Sublime (with Rome)
The Concord Pavilion
July 28, 2016
All photos by Pollen Heath.
It’s rare that a band can come back from a tragic loss of an amazing talent such as Sublime founder Bradley Nowells. Sublime was originally formed in Long Beach, CA in 1988 by Bradley Nowells (vocals/ guitar), Eric Wilson (bass) and Bud Gaugh (drums). The band was awaiting the release of their second album, the self titled and critically acclaimed Sublime in 1996, when Bradley died of a heroin overdose in a San Francisco motel.
As the new voice of Sublime, Rome Ramirez pays his respects to the originator of the band by singing his songs with the same skill and enthusiasm, albeit with a bit of his own smooth and sexy flair. Rome Ramirez, who also plays guitar in the band, was born and raised in Fremont, CA and was admittedly a massive fan of Sublime’s music when Eric Wilson and Bud Gaugh asked him to join in 2009.
In January 2010, the remaining members of Sublime settled a suit with Bradley Nowell’s family to cease use of the copy written name, Sublime. Wilson and Gaugh re-named the reformed band Sublime with Rome, which has been used from that point forward.
Now joined by the former drummer of the SoCal punk band The Vandals, Josh Freese, this incarnation of Sublime with Rome flames the torch forward. Their set on a hot summer night in Concord, CA was carried with ease by a spot-lit Rome Ramirez. Rome’s groove on stage was unmistakably complimentary of the Nowell memory, and completely natural. A few times during the set Rome gazed off the stage at the enthusiastic fans, as if in complete awe that he was there. A sly smile crossed his face, almost as if he was experiencing a large audience for the very first time.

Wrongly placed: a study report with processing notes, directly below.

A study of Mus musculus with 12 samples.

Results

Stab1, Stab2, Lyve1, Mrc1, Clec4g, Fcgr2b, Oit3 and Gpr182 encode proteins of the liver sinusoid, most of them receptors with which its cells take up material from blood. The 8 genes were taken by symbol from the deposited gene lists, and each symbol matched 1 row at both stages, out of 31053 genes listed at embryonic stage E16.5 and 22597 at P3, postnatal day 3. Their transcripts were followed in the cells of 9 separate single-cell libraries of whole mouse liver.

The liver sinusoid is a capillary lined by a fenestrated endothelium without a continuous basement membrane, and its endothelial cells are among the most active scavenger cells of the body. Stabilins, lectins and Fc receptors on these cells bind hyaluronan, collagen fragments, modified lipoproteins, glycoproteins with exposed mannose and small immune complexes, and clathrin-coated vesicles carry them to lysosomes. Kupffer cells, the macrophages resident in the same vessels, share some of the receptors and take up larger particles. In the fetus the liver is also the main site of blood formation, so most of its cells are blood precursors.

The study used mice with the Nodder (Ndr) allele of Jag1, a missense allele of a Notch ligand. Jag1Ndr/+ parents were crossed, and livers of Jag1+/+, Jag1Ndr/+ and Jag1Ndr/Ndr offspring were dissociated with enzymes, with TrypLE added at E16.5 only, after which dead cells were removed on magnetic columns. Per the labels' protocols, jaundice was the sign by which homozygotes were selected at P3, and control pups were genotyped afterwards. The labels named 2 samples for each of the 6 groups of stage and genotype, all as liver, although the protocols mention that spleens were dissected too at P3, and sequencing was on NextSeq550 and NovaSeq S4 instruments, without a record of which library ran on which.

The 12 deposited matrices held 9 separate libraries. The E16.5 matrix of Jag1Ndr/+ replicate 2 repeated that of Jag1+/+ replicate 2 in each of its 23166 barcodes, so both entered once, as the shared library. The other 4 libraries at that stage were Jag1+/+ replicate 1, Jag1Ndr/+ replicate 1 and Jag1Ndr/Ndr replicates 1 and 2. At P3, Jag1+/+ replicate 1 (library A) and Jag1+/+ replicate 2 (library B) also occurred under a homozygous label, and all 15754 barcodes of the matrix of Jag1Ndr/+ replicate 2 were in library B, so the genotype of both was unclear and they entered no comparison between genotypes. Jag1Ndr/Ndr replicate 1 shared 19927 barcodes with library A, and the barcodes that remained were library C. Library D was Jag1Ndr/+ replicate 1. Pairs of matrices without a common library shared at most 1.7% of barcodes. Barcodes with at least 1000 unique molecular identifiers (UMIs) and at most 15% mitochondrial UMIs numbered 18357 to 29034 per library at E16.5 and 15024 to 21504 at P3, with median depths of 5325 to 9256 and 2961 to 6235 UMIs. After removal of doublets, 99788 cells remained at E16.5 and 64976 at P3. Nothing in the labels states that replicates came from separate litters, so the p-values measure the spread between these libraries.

The reality is, Rome has been playing with Sublime for almost as many years as his deceased predecessor, and has clearly proven himself with some incredible original songs on two full length albums. He’s certainly seen his share of massive audiences. Like Nowell before him, Rome paid homage to 80’s punk acts with an aggressive punk-riff style of guitar playing. His arms are tattooed with the iconic logos of some of the most influential punk bands, such as the Misfits and the Dead Kennedys, and clearly influenced by ska-punk legends Operation Ivy on songs like Skankin (off the 2015 release “Sirens”), which they played late in the set.
A mostly twenty-something audience at the Concord Pavilion sang out the old Sublime tunes like they were born to them, and the older fans in the audience were instantly transported to a time and place when this brand of ska-punk was brand new. All of them with wide smiles, while they jumped and danced in a ethereal fog of spliff smoke, and incredible stage lighting.
Setlist: Date Rape (Sublime cover) | Smoke Two Joints (The Toyes cover) | Wrong Way (Sublime cover) | 40oz. to Freedom (Sublime cover) | Promise Land Dub | Pawn Shop (Sublime cover) | Wherever You Go | You Better Listen | Take It or Leave It | April 29, 1992 (Miami) (Sublime cover) | We’re Only Gonna Die for Our Own Arrogance (Sublime cover) | Panic | Skankin | Scarlet Begonias (Grateful Dead cover) | Doin’ Time (Sublime cover) | Badfish (Sublime cover) | Let’s Go Get Stoned (Sublime cover) | | Sirens (with The Dirty Heads) | What I Got (Sublime cover) | Santeria
For more information about Sublime (with Rome), see their website.